Ironically or not, Doug Wilson has been recently promoting a “documentary” about free speech, heavily featuring interviews with himself, if the trailer is representative. Specifically, about how your right to free speech is being threatened by people who don’t like you saying things that make them feel all persecuted.

I hope Doug was looking in a mirror when he described this scenario.

Because never in my life have I seen any group of people so quick to jump on those who say the “wrong” thing as Doug’s supporters in the CREC. Or post the “wrong” article. I’ve read emails — not all of them directed at me — from any number of people stating that nobody (except Doug, obviously!) should be talking about the way the CREC handles abuse. One woman I know shared a letter written by someone who was vaguely threatening to get her fired because she’d posted Natalie’s blogs on Facebook. People who are no longer even attending Christ Church and Trinity are being called the enemy (or “Orcs”) because they’re posting Natalie’s blogs on Facebook. This isn’t the first time this has happened in the CREC — Emeth Hesed writes about how her pastor showed up at her house at 11:30 pm and stayed for three hours lecturing her because she’d written a blog post he didn’t like.

If you attend Christ Church or Trinity, and you don’t believe me, try it. Try supportively re-posting Natalie’s most recent post and see what happens. See how fast your pastors/elders/deacons (or their wives) come out of the woodwork and strongly recommend that you take down the post and/or issue a public apology, on (insinuated, probably never explicitly stated) pain of losing your “member in good standing” status.

Now, let’s take a step back — I get the rationale behind not posting things publicly. Within church government, the theory goes, you’re supposed to take your concerns to the person in question first. If he doesn’t listen, you take another person to confront him. If that doesn’t work, you bring it up before the assembly. That way, it doesn’t get all messy and public.

The problem with this line of thinking: we’ve gone through all these stages and then some. Many, many people tried speaking with the pastors and elders about the way abuse was handled in the church before they realized that wasn’t going anywhere. Then they tried speaking more broadly within the church, tried speaking before the assembly. But that doesn’t exactly work if you’re being forced out of the assembly and labeled a malcontent, a troublemaker, for speaking up.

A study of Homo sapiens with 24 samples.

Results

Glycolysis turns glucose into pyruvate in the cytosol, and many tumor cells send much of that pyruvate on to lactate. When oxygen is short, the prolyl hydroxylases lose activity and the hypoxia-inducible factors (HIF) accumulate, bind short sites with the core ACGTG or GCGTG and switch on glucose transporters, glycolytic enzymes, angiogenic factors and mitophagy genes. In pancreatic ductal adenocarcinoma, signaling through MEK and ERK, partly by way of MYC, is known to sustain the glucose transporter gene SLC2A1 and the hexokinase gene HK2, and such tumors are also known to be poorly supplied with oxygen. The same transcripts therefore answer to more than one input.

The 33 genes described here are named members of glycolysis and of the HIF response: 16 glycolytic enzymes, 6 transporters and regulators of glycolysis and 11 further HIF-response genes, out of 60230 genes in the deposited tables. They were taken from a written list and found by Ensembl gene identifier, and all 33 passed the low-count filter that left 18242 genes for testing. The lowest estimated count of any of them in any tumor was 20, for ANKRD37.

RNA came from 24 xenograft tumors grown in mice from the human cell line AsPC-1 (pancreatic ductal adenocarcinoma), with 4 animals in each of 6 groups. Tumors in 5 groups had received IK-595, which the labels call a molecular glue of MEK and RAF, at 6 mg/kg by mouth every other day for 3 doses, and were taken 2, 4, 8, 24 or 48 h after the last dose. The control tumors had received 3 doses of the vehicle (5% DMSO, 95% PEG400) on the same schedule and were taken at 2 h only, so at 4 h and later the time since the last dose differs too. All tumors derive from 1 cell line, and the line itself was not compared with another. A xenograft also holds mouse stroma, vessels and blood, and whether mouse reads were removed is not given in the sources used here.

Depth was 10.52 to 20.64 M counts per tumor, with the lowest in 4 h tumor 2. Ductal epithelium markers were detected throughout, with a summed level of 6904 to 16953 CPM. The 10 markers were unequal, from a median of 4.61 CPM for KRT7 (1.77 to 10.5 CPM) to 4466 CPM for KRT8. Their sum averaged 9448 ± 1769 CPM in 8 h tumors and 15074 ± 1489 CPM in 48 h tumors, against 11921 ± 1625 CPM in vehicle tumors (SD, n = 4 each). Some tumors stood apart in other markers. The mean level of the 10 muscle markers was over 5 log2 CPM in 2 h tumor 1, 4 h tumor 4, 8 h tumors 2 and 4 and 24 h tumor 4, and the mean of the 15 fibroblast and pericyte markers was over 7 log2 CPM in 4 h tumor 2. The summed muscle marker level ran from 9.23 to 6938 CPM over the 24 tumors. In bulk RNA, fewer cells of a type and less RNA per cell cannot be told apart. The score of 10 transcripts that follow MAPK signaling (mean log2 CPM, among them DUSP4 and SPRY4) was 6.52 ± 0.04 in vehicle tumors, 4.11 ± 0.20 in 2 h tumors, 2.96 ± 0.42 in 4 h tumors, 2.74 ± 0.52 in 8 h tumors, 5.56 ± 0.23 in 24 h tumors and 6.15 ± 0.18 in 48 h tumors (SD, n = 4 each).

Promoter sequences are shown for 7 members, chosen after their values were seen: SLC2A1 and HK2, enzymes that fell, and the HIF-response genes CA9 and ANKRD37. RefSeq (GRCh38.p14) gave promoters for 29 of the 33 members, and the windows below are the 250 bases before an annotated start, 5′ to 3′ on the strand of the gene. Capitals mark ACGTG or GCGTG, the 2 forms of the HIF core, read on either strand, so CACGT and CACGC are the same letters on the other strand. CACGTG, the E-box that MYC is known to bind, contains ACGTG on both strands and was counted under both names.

How in the world do you pull a “go to your brother and confront him” when your mouth is taped shut? When you’re told “you don’t know the whole story” and sent on your way?

Also: why would anyone be required to keep controversy out of the public eye when Doug Wilson’s whole persona is built around flinging controversy into the public eye? Including in this specific case?

Natalie’s latest post, by the way, is not about spreading gossip. On the contrary. It’s about correcting false gossip — the false gossip Doug Wilson spread when he told a packed-out meeting that Gary Greenfield, Natalie’s father, was abusive to his family to the point that it prevented the church from doing more to help Natalie (that’s Doug’s logic and he’s sticking to it — never mind that if in actuality, Natalie was straight-up surrounded by abusive people, all the more reason for the church to get involved and provide her with support). Nancy Wilson (Doug’s wife) had already stated this publicly on her blog back on October 20, informing commenters that part of the story Natalie wasn’t telling had to do with why Gary had been “suspended from the Supper.” Shortly thereafter, after a multitude of deleted comments made by people trying to set the record straight, she expounds on this by stating “we have gone through our minutes and records and this is what happened: Gary was suspended from the Supper (one step before excommunication) for his abusive mistreatment of his family.” Then she closed the comments.

Who is accusing Gary Greenfield of being abusive? Doug specifically stated that “the way Gary treated his family was every bit as bad as the way Jamin treated [his ex-wife].” This is just plain absurd. Gary’s entire family — you know, the family Doug claimed was being so terribly abused — has gone on record defending him and stating this is major hyperbole, to put it mildly. And you know, I can easily imagine that during the scenario ten years ago, in the middle of a divorce and a family finding out that their daughter had been abused under their roof, things got a little heated. I have no doubt Gary yelled and acted out of character. He’s admitted as much. But that’s pretty normal behavior when human relationships get that messy. And the fact that Doug would cling to this in the face of Gary’s family correcting the record is strange, to put it mildly. The fact that Doug would use this to downplay Jamin Wight’s “sexual behavior” (Doug’s words) with Natalie is even more strange.

Doug Wilson may be a good counselor in some scenarios. I’m sure he is, in fact — I believe the people who tell me he’s helped them. But I also know that he is not remotely qualified to pass judgement on the legal ins and outs of abusive situations. He makes it more obvious every day. He also has proven that at least in these cases, he does not understand human behavior, human emotion or the way humans heal from abuse. And that is particularly risky in a congregation that implicitly forbids widespread discussion about how abuse needs to be handled.